Google is really pushing SSL, with some recent announcements aimed at getting the web secure. Those sites still on http – in whole or in part – need to migrate the entire site to SSL early this next year to stay in Google’s good graces. With “Mobilepocalypse”, we saw that Google makes an announcement before they bring the “beat down”. So now is the time to start planning your migration.
SSL is a good change
Having SSL encryption between server and user eliminates eavesdropping and “man-in-the-middle” attacks that threaten both site visitors and the site itself! While SSL comes in different varieties of encryption, and has gone through a few security issues the last couple of years (“heartbleed”, etc), it’s an improvement for both privacy and security.
More and more organic traffic is being counted as Direct traffic by Google. It’s how they count anything that goes from an https site to http site, RFC 2676. We are seeing a sudden surge in this “some organic has become direct” across client accounts.
It’s a full website migration
Changing an entire site to https can be a pretty major website migration, as all URLs change. All internal and external links, scripts, images, iframes, stemap.xml URLs, canonical tags and other tags need to be checked.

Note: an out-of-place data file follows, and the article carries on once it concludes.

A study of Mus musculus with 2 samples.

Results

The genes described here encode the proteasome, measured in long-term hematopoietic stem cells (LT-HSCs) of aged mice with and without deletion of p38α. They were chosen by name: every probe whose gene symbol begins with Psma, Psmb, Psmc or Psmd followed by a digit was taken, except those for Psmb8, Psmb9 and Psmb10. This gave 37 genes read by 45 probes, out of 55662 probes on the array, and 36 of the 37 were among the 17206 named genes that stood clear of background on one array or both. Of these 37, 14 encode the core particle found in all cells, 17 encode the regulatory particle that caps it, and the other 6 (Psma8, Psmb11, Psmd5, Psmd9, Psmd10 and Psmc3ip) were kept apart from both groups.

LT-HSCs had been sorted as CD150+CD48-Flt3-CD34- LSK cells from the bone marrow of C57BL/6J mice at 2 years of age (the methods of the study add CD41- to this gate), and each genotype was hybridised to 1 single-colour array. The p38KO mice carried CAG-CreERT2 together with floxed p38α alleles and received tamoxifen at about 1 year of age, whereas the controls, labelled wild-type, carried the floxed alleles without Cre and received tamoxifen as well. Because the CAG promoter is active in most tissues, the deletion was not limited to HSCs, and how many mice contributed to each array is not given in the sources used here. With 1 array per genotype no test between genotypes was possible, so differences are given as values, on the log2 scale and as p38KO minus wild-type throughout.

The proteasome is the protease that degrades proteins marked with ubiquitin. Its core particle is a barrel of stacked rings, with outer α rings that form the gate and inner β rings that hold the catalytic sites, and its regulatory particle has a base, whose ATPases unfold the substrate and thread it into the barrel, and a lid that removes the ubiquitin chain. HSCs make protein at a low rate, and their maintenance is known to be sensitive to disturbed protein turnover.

In the migration, all URLs that start with http will need to be 301 redirected to their https equivalent. And it needs to be a single hop. We’ve seen server configurations that have a whole chain of redirects going from 301 to a 302 back to a 301, so it’s good to check redirects thoroughly. Without a single 301 redirect, link authority is discarded by Google – and that means rankings are not maximized.
Links / References to http resources and URLs
After the migration, all URLs should be 301 redirecting – and all references to them within the site’s html should as well. We’ve seen many internal links that are actually absolute links such as:
<a href=”http://www.site.com/contact-us”>Contact Us</a>
instead of relative links such as
<a href=”/contact-us”>Contact Us</a>
Keep an eye on page speed before and after the transition to SSL. The server’s processor needs a bit more time for the SSL encryption and transactions. Server response times can increase a little or a lot based on it’s configuration. And it’s best to go in to the migration with a super-fast website.
Google Search Console
In Google Search Console (formerly Webmaster Tools), it’s important to verify the SSL version of your website. If Bing is a significant source of traffic, you should also verify the SSL version of the site there.
After the migration, it’s a great idea to reach out to important sites linking to you. Not only is it an excellent way to keep those relationships, but having inbound links change to reference your https URLs maximizes link authority. And a direct link to the new URL is better than a 301 redirect.
Consider a press release
Why not consider a press release afterward, professing your commitment to the security and privacy of your visitors?
If you haven’t made the switch to HTTPS, now is the time to start. And if you have made the switch, be sure to have us double-check your work!